Campbellsville High School students are continuing to improve their ACT scores.
According to their results, this past year’s juniors scored higher than the state average in all categories but one.
Scores for exams taken in March were recently released, and show that CHS students have improved in math, reading and science.
And, the average CHS score is the same as the stage average.
While CHS students saw impressive scores in English, that average is a bit less than what the juniors scored in the 2016-2016 school year.
All high school juniors are required to take the ACT. The test was administered in March, and 66 juniors at CHS took the exam.
Overall, the CHS junior class tested at a composite score of 19.8, which is higher than the 19.4 students scored in the 2015-2016 school year.
This year’s state average score is also 19.8.
In English, CHS students scored an average of 17.9, which is slightly lower than the 18.5 average from the 2015-2016 school year.
Math scores improved by nearly a point, at 20.1, when compared to 19.2 from the previous year. The CHS math average is higher than the state average of 19.4.
Reading scores for the CHS junior class jumped to 20.3 from 20.2 the previous year. The school’s reading score is the same as the state average.
And science scores improved from 19.5 to a 20.4 average, which is higher than the state average of 19.9.
Overall, the CHS composite score increased from 19.4 to 19.8, which is the same as the state average.
In addition to seeing increases in their average scores, more of last year’s CHS juniors met college readiness benchmarks than in 2015-2016.
Overall, 18 percent of the CHS juniors met all four benchmarks, up from 13 percent.
In English, 50 percent of the CHS juniors tested met the benchmark. This score is the same as in the 2015-2016 year, and up considerably from 38 percent in the 2014-2015 school year.
In math, 38 percent of CHS juniors met the benchmark, up considerably from 26 percent.
CHS juniors also saw a gain in reading. In that category, 42 percent met the benchmark, up from 39 percent in the 2015-2016 school year. The CHS reading score is higher than the state average of students meeting the benchmark, which is 41 percent.
And in science, 36 percent of CHS students met the benchmark in 2016-2017, which is up considerably from the 26 percent in 2015-2016. That number is also higher than the state average of 32 percent.
According to CHS Guidance Counselor Richard Dooley, the average improvement in CHS students’ previous ACT score was 1.4 points.
About 20 students improved their scores by three or more points, he said. Of those, 11 improved by four points or more and five improved by five points or more.
Campbellsville Independent Schools Superintendent Kirby Smith, who was CHS principal when the students took the ACT exam, said he is proud of his students for improving their scores.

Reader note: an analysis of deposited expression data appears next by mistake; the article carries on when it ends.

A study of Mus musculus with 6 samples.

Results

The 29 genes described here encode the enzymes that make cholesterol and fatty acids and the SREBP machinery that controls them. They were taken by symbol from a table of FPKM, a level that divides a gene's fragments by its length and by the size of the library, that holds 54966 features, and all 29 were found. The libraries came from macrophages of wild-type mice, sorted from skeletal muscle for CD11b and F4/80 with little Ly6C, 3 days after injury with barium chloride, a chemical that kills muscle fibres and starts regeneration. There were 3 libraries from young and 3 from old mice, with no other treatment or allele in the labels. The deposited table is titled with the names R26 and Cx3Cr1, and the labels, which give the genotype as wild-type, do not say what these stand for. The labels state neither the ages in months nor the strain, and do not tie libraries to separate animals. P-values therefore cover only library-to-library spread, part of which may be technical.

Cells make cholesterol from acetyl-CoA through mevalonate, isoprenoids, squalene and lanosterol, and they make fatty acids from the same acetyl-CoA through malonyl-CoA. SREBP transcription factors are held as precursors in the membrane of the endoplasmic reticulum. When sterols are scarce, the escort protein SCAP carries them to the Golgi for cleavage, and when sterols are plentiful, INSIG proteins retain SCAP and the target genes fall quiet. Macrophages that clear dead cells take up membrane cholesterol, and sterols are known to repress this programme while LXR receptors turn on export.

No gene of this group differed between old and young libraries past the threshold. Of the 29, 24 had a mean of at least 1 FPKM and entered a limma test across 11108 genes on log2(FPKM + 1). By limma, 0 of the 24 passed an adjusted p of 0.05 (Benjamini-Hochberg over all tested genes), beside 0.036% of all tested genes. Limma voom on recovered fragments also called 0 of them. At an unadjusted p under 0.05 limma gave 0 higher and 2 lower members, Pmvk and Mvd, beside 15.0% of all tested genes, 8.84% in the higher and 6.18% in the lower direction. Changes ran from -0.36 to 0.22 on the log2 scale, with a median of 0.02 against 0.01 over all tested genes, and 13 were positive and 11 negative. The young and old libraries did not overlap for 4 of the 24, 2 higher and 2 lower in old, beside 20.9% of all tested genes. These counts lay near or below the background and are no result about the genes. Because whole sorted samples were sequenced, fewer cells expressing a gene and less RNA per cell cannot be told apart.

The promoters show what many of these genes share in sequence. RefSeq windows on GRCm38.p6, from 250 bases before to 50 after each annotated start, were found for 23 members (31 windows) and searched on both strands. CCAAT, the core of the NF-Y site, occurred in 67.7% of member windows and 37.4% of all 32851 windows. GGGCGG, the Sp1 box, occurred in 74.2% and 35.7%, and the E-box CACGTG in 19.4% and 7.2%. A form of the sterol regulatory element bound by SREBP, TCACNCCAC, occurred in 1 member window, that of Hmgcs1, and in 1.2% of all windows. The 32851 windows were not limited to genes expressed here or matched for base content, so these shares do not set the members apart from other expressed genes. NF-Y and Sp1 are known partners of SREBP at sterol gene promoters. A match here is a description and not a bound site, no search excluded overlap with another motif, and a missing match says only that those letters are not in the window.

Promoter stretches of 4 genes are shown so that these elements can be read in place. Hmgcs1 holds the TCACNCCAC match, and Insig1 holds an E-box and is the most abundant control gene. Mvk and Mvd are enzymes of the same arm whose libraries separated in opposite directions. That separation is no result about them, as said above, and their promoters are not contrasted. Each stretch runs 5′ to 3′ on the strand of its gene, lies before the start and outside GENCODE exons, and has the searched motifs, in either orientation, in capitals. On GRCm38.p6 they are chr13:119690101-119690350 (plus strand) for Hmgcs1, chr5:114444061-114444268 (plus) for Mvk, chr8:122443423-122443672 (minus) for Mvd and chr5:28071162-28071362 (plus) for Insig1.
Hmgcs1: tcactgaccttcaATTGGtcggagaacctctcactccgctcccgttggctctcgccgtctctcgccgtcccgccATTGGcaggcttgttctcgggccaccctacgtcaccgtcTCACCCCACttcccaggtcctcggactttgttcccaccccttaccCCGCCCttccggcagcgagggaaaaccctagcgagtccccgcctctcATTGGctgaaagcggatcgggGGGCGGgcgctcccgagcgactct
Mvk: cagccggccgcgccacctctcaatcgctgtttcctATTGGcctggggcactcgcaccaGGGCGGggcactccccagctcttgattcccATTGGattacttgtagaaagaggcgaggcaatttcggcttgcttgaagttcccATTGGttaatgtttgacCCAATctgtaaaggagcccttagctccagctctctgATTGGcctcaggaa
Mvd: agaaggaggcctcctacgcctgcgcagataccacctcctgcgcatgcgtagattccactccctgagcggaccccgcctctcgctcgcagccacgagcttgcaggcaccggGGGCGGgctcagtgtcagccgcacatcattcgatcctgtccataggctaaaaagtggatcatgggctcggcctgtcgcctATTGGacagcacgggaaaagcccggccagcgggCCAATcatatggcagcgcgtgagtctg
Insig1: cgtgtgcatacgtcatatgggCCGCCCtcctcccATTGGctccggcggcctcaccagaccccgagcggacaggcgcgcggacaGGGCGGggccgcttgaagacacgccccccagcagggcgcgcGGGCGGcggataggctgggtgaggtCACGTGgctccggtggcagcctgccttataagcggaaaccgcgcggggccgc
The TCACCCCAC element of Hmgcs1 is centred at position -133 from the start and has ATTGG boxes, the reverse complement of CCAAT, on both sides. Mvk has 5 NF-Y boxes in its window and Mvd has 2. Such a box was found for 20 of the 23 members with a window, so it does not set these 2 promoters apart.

“I am very proud to see our ACT scores increase yet again,” he said.
“I hope all of our students see these scores and are proud of their accomplishments. I also want students to see these scores as a challenge to keep improving.”
Campbellsville High School is classified as a “School of Distinction,” according to state test scores from the 2015-2016 school year.
And Campbellsville Independent Schools is a “distinguished” district.
“Seeing an improvement in ACT scores is just another indicator that CHS is continuing to move in the right direction,” Smith said. “We couldn’t be prouder to be a ‘School of Distinction,’ and our teachers and students are working hard to maintain that status.”
Smith said he thanks students for working hard to improve their ACT scores, and teachers for being dedicated to help students fulfill their potential.
Many teachers worked with students at ACT practice sessions after school, he said, and that truly made a difference in the scores.
As students improve their ACT scores at CHS, they become members of the school’s ACT clubs. Those names are listed in the CHS hallways.
“They should be proud to see their names in our ACT Clubs,” he said. “That’s quite an honor.”
Smith said improving by one or two points on the ACT can mean a great difference when it comes to scholarships.
“CHS has had a lot of success.” Smith said. “And we all want to see that continue. These ACT scores tell us that what we are doing is working. We will continue to work hard and improve even more.”
Smith said he also wants to thank the Campbellsville Board of Education for paying for all CHS juniors to take the ACT test each October.
“I thank the Board for its continued support in helping our students take the ACT exam in October,” he said. “This allows us to receive scores back early, and then use those scores to drive ACT study sessions on early release Fridays and during second period RTI sessions.”
State funding pays for students to take the exam in March, Smith said, so students at CHS take the test twice in their junior year, at no cost.
“Not every district can do that,” he said. “And I’m very grateful to our Board members for that.
“I also want to thank our teachers for their willingness to go the extra mile,” Smith said. “Our teachers use ACT test scores to provide individualized instruction. This helps our students work on the areas in which they need help. And that is what helps students increase their scores.”